The History of Honey

history of honey

History of honey. Honey is a natural food collected from beehives. It needs no other ingredients added to it, and it requires very little processing.

Single-flower honey is made by bees that gather nectar from one kind of flower. There is also blended honey made by bees in different places gathering nectar from different kinds of plants.

People who live People who live in warm and temperate climates around the world have been raiding beehives since before recorded history. Honey does not need preservatives to keep it fresh. It can be eaten straight from the honeycomb, and it is a natural sweetener.

History of Honey

Honey is an ancient food. Honey and bees have been featured in many myths and legends from around the world.

The Cheyenne people of North America have a creation myth that tells of the first people living on honey and wild fruits.

Bees are native to many countries, and early peoples braved angry bees to collect honey. A 12.000-year-old rock painting in a cave in Spain shows a man putting his hand into a hole to collect honey while holding a basket with his other hand.

Ancient Egyptians collected honey by smoking bees from their nests. As well as eating the honey they used it as a medicine. They also left honeycomb to ferment in water, making an alcoholic drink we call mead. Far away on the Amazon River in South America, people also discovered how to make mead.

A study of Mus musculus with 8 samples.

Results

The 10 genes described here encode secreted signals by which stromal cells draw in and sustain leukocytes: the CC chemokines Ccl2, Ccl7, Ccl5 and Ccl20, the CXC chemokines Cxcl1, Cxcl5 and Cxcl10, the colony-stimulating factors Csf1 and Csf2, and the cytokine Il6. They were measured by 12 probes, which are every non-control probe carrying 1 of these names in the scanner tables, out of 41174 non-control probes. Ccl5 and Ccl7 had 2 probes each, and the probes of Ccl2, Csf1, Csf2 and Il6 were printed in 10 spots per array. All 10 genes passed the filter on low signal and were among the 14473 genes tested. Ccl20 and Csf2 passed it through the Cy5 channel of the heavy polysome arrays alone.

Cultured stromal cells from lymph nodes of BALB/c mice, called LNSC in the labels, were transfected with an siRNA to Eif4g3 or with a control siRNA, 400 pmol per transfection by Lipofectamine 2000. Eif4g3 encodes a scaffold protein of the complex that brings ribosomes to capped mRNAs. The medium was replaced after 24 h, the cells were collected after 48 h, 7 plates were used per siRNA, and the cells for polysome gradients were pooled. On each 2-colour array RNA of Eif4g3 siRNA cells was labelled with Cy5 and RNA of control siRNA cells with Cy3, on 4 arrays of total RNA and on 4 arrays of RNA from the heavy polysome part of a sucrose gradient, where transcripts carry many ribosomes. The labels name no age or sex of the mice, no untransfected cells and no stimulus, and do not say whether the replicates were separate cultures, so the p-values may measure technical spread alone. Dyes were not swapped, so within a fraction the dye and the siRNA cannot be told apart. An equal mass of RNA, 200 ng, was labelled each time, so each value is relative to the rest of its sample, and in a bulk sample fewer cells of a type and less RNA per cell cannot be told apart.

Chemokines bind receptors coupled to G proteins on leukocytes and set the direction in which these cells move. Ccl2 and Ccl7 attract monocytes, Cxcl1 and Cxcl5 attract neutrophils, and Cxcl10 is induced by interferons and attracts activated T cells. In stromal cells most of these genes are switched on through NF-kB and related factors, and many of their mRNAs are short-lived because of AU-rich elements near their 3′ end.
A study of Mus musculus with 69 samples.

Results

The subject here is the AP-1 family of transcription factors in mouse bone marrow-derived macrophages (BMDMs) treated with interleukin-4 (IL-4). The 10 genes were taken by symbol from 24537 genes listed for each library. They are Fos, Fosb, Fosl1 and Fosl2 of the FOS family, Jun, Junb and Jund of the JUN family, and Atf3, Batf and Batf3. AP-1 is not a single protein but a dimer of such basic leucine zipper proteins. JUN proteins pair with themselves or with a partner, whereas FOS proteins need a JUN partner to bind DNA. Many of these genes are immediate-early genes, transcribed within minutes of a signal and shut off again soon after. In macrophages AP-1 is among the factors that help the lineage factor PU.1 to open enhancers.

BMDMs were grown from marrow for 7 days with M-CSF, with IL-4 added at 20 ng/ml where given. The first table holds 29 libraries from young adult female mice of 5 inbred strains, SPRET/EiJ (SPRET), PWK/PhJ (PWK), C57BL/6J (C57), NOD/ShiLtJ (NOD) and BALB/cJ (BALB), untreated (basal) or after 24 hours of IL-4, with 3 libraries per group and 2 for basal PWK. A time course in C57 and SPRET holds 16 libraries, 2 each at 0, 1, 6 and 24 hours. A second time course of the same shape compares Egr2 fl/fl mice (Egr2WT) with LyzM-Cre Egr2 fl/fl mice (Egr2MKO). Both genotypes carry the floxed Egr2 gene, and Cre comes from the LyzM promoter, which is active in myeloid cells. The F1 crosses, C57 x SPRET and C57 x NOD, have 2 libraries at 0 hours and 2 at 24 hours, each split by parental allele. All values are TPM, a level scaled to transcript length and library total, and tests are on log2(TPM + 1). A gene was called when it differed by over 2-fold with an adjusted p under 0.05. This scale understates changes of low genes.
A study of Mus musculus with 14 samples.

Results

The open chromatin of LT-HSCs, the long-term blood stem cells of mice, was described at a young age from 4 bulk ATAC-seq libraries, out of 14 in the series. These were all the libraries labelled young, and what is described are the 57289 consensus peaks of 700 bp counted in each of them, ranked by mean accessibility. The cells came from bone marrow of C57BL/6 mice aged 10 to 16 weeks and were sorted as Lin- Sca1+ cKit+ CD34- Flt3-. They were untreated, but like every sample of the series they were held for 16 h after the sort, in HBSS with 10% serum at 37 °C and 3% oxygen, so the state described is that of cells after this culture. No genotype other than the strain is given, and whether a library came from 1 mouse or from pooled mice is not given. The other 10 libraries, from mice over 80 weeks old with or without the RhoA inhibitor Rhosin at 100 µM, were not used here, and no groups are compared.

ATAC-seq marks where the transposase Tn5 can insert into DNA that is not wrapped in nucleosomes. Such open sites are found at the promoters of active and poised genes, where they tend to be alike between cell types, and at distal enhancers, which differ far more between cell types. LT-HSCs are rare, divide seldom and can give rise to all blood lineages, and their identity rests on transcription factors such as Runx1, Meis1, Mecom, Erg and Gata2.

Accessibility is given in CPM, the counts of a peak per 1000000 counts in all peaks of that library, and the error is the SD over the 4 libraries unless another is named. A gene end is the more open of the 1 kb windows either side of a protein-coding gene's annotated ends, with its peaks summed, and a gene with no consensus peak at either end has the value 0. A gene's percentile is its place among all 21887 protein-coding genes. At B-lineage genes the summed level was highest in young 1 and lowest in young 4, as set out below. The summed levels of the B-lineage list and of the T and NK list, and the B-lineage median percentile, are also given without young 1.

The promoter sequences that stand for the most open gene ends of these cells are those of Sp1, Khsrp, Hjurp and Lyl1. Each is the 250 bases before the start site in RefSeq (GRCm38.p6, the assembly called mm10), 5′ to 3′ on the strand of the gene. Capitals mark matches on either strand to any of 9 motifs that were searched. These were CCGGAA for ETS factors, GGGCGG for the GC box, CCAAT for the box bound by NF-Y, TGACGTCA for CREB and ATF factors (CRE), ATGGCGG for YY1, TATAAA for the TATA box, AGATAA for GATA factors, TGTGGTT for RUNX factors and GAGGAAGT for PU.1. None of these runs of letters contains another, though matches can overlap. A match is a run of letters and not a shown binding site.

Both the ancient Greeks and Romans used honey in cooking savory and sweet dishes. Honey was used to make sauces and stuffing’s for meat, as well as puddings and cakes. The Roman army in France and Greece sometimes kept beehives as a hobby.

One early method of setting up a beehive was to collect the nests of wild bees. For example. if the bees nested in a hollow in the trunk or branch of a tree, someone might chop down the tree or branch and take it home. Later beekeepers made hives of burnt-out tree trunks and woven baskets.

In Australia, Aboriginal people have collected honey or sugar bag from native beehives for centuries. They also used this honey as an ointment.

In the middle Ages, honey was the most commonly used sweetener. It is mentioned in The Tales of a Thousand and One Nights from the Middle East the monks of England kept bees for their honey and to collect beeswax for making candles. The Vikings of Denmark kept bees to make mead, which they drank from metal drinking horns.

Bees have been kept in hives made from wooden tubs, casks and frames, plaited wicker and pottery for nearly 3,000 years. Flowerer, little was known about the bees themselves until the end at the 1600s when Dutch doctor Jan Swammerdam discovered that the icing’ or father of bees was really a queen!

Preservation

Honey has long been used as a preservative. The Romans preserved fruits and vegetables in honey. For example, turnips were preserved in a mixture of honey and vinegar. In India, meat was preserved for the next year in honey.